New video released Tuesday appears to show Alameda County Sheriff's Deputy Alan Strickland shoving Raptors president Masai Ujiri in the chest twice as Ujiri tries to celebrate with his team following the franchise's title-clinching victory vs. Golden State in Game 6 of the 2019 NBA Finals.
The footage was released as a result of Ujiri filing a countersuit Tuesday in Oakland, Calif.
At the time of the altercation, Ujiri was reportedly denied access to the court, and the team's celebration, because he reportedly did not have the correct credentials to be allowed on the floor.
Now, according to attorneys representing Ujiri, Strickland was "undeniably the initial aggressor" in the situation.
The video appears to show that Ujiri did have his credentials out.
"What are you pushing me for?" Ujiri asks. "I'm the president of the Raptors."
"After being shoved and cursed at, Mr. Ujiri did not respond aggressively towards Mr. Strickland," the suit says. "Instead, he calmly asked Mr. Strickland why he had pushed him, informed Mr. Strickland he was the Raptors' President, and held up his all-access arena credential to show it to Mr. Strickland. Rather than trying to communicate with Mr. Ujiri, Mr. Strickland chose to dismiss Mr. Ujiri's claim that he was the Raptors' President and ignore the all-access credential Mr. Ujiri was trying to show him. Mr. Strickland then forcefully shoved Mr. Ujiri a second time.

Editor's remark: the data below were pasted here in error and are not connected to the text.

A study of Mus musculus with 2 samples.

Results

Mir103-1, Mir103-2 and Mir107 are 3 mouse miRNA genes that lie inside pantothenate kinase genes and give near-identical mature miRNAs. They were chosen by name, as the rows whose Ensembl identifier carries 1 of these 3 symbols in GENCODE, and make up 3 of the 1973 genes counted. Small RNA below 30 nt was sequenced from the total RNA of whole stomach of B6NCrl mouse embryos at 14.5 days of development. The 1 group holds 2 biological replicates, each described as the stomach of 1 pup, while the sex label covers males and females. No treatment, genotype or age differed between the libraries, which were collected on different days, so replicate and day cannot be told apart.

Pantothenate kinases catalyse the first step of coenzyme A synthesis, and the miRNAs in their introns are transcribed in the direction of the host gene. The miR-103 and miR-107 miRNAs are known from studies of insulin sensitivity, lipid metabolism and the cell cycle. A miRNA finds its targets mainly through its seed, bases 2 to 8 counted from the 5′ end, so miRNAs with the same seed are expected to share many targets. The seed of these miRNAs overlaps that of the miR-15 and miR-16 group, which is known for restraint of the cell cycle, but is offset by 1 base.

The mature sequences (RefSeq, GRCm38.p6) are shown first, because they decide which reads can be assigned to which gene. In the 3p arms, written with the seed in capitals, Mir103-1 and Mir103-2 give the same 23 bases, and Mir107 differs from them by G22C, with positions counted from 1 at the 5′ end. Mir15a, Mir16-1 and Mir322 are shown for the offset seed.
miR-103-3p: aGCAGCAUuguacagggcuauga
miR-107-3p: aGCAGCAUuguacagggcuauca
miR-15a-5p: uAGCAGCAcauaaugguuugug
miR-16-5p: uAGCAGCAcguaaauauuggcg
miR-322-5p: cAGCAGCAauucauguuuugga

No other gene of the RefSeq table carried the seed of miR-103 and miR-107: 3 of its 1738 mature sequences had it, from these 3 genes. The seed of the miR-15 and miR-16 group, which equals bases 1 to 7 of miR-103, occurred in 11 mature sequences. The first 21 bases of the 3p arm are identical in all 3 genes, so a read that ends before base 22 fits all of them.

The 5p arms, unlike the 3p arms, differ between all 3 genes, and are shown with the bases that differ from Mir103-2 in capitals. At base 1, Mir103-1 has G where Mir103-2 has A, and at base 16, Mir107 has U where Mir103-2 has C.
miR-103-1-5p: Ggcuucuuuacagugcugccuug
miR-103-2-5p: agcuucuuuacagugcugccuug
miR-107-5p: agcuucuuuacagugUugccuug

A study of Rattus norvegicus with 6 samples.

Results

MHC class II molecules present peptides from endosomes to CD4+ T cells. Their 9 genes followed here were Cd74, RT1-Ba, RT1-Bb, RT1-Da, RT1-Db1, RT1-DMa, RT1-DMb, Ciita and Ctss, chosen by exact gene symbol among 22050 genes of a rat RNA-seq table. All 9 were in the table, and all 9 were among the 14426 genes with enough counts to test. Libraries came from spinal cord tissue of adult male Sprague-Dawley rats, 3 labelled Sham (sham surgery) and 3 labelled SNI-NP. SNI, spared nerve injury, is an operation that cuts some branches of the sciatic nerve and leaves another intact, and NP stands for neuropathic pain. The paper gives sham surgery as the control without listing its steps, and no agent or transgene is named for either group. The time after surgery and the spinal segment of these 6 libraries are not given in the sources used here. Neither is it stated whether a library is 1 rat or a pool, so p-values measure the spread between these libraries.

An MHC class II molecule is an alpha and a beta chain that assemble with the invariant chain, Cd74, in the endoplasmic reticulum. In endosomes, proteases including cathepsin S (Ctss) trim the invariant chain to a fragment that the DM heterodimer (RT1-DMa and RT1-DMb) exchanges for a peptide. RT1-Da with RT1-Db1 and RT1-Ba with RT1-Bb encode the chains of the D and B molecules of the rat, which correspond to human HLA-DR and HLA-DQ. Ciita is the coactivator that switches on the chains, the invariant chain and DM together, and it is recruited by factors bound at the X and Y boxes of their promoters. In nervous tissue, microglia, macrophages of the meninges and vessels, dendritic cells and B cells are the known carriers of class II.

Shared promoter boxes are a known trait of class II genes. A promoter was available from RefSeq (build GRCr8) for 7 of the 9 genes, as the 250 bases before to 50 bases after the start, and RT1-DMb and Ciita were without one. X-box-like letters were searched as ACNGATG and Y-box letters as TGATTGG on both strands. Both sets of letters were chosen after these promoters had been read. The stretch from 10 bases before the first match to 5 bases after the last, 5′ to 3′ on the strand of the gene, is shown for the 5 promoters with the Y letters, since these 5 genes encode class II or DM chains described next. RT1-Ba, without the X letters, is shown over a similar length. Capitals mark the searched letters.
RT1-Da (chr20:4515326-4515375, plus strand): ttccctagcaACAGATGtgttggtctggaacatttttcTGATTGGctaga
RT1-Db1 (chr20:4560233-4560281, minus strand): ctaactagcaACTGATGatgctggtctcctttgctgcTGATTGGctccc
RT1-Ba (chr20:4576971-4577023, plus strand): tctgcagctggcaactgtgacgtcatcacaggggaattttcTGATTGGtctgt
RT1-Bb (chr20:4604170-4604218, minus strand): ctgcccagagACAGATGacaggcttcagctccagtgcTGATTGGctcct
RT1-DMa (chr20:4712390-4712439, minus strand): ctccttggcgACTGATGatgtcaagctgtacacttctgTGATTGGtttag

The Raptors related a statement on Tuesday, saying, in part that "We are mindful this remains before the courts, but we have always maintained that the claims made against Masai are baseless and entirely without merit."
Prior to the release of the video, the public largely had to rely on witness accounts of the incident. A cell phone video also circulated on social media documenting the encounter.
In February, Strickland filed a federal lawsuit against Ujiri, alleging the Raptors president shoved him so hard that he suffered physical injuries to his head, jaw, chin and teeth.
Strickland also filed a workers' compensation claim alleging Ujiri "circumvented" the security checkpoint and additionally claimed Ujiri had a "violent predisposition" and acted with an "evil motive amounting to malice," according to his suit and workers' compensation claims, per KTVU.
No criminal charges were ever filed against Ujiri. The Raptors president called the lawsuit "malicious" and previously refuted Strickland's account of the altercation.
"To me, it's incredible that things play out like that," Ujiri said in February. "I think something incredible was taken away from me and I will never forget it. It is one of the things that drives me to win another championship because I want to be able to celebrate a championship the right way. This thing will be settled.
"The truth will come out. The truth will come out of this."